My rating: 5 of 5 stars
There are a lot of first-hand accounts of the Holocaust out there, and pretty much all of it—all of it that I’ve seen, anyway—has focused on the immediacy of the concentration camps. Not that they shouldn’t; it’s a horse that cannot be beaten to death until the planet stops having genocide or the more politically-challenged ‘ethnic cleansing,’ but it is not what makes ‘Maus’ really really stand out.
This story has two major narrative threads. The first and obvious one is the story of Spiegelman’s father’s years as a Polish Jew outrunning the Nazi regime—and it’s the running that caught me, the dominance of survival over all else, including comfort and safety and morals, even when it culminates tragically (as with Spiegelman’s mother). While the segment about Auschwitz includes some of the most iconic imagery of all, it’s not the majority. Most of the WWII narrative concerns the tightening noose around the Polish Jews.
The other big narrative is the present-day Artie Spiegelman recording sessions with his father, teasing out the story for the book he plans to make about it. The second half takes place after the first volume is out, which introduces a hint of meta. I’m pretty okay with meta in comics. I think this is because they’re expected to have narrators anyway, so it’s less weird. Also, he never directly addresses the reader. The questions I had came up naturally in the narrative…and the thing is, when you have a book like this that is as much about growing up the child of someone who went through something you could never begin to understand, you want to get inside their head. ‘Maus’ is an autobiography, too.
Anyway, the art is simple and thick. Obviously, they’re all represented by animals; there’s this nice bit in the second half where Spiegelman is trying to figure out what animal to make his (French) wife where the reader gets a chance to think about the animals he’s chosen throughout, and why. With these simple designs, the bold, messy strokes look awesome. Or awful, depending on what is happening. Line speed is more dominant than width variation…all by design. There’s a sampler of another work by him, something with much finer lines but with a similar sense of heaviness, which drives home the deliberation behind the art here.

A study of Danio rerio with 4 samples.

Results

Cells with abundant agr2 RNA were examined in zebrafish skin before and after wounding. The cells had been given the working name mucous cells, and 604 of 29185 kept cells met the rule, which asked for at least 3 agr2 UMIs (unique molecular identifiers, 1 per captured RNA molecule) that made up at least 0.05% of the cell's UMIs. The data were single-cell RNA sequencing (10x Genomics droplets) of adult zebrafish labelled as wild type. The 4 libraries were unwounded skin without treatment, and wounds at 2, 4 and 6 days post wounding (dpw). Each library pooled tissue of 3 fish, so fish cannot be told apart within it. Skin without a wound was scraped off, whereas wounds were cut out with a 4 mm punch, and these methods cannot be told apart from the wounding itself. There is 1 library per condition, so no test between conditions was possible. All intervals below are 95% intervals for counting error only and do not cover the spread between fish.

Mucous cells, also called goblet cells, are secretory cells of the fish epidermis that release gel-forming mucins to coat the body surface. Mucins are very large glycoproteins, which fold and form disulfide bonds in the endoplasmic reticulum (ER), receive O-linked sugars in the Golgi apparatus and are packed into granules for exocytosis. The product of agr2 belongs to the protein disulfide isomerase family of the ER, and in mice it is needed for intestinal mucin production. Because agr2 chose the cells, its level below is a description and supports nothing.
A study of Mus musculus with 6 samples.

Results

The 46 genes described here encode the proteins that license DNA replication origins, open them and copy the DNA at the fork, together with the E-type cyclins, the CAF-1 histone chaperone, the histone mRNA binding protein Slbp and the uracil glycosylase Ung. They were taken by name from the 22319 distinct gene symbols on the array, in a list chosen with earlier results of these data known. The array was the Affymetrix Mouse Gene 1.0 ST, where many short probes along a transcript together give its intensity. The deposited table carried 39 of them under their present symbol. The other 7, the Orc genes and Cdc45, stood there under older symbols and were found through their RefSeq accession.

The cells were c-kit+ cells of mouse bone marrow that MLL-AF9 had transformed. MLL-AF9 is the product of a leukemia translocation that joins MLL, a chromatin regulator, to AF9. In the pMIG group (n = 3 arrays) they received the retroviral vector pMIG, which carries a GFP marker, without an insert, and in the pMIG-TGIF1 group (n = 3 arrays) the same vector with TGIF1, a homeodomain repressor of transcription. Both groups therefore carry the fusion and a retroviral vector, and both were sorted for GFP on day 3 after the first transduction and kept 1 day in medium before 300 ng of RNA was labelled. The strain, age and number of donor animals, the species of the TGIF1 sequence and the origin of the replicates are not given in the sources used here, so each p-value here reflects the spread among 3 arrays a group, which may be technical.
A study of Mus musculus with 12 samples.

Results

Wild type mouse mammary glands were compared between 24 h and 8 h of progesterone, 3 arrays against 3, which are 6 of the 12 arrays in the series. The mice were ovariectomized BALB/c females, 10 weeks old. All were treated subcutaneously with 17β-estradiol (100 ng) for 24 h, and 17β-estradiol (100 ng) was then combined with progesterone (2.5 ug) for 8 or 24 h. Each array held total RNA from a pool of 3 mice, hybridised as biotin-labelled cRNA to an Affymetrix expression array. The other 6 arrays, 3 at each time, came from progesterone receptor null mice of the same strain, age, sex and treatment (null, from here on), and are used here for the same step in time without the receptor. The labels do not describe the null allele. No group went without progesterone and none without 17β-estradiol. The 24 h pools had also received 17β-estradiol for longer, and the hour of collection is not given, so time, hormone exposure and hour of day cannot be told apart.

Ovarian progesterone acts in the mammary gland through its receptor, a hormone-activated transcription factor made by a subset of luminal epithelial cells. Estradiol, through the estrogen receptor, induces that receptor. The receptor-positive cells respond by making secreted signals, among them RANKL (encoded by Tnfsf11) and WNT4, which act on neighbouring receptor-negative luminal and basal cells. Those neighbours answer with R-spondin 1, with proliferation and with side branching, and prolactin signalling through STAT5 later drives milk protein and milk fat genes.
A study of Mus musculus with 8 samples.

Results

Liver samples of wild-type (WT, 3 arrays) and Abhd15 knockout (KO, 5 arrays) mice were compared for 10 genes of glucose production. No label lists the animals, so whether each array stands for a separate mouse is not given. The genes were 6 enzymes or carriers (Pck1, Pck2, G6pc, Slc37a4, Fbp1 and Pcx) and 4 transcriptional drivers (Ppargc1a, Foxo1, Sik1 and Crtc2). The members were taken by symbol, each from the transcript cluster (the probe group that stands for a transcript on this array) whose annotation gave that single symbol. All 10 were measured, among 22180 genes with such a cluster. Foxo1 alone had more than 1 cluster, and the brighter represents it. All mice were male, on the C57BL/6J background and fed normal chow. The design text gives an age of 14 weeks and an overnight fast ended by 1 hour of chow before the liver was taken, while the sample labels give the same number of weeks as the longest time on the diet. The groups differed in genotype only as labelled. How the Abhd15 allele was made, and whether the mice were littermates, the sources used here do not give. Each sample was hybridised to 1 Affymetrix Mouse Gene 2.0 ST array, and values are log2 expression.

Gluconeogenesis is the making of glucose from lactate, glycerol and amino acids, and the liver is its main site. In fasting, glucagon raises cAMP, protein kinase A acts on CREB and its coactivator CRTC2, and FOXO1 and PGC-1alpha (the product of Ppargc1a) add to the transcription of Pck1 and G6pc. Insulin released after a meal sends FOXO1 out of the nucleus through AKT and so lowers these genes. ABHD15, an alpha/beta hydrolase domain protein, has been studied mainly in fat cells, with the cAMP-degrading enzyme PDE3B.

For me, what makes this story exemplary is the characters. Spiegelman’s dad isn’t sympathetic at all. We learn that his behavior can’t just be dismissed with ‘Holocaust survivor’ early on; the way he treats other people, including other survivors, makes him hard to pity (and Spiegelman genuinely finds him frustrating, and isn’t shy about sharing his frustrations with the audience). Of course, some of those qualities are what kept him safe for a long time: being a good survivor and playing well with others can be mutually exclusive.
We know from the start that father-son never had a really good relationship, and trying to bridge that gap to tell this story is a compelling narrative in and of itself. Again, there is a ton of Holocaust literature out there—and this even comes up in the present-day narrative (thirty years dated, but who’s counting?)—but having the added layer of this distance, and trying to process the events while having never known anything but safety, made all the difference for me.
It’s a biography concerning a major historical event, but also about families, broken relationships, and all the things that people can relate to…told with an appealing, simplistic style that belies the seriousness until appropriate.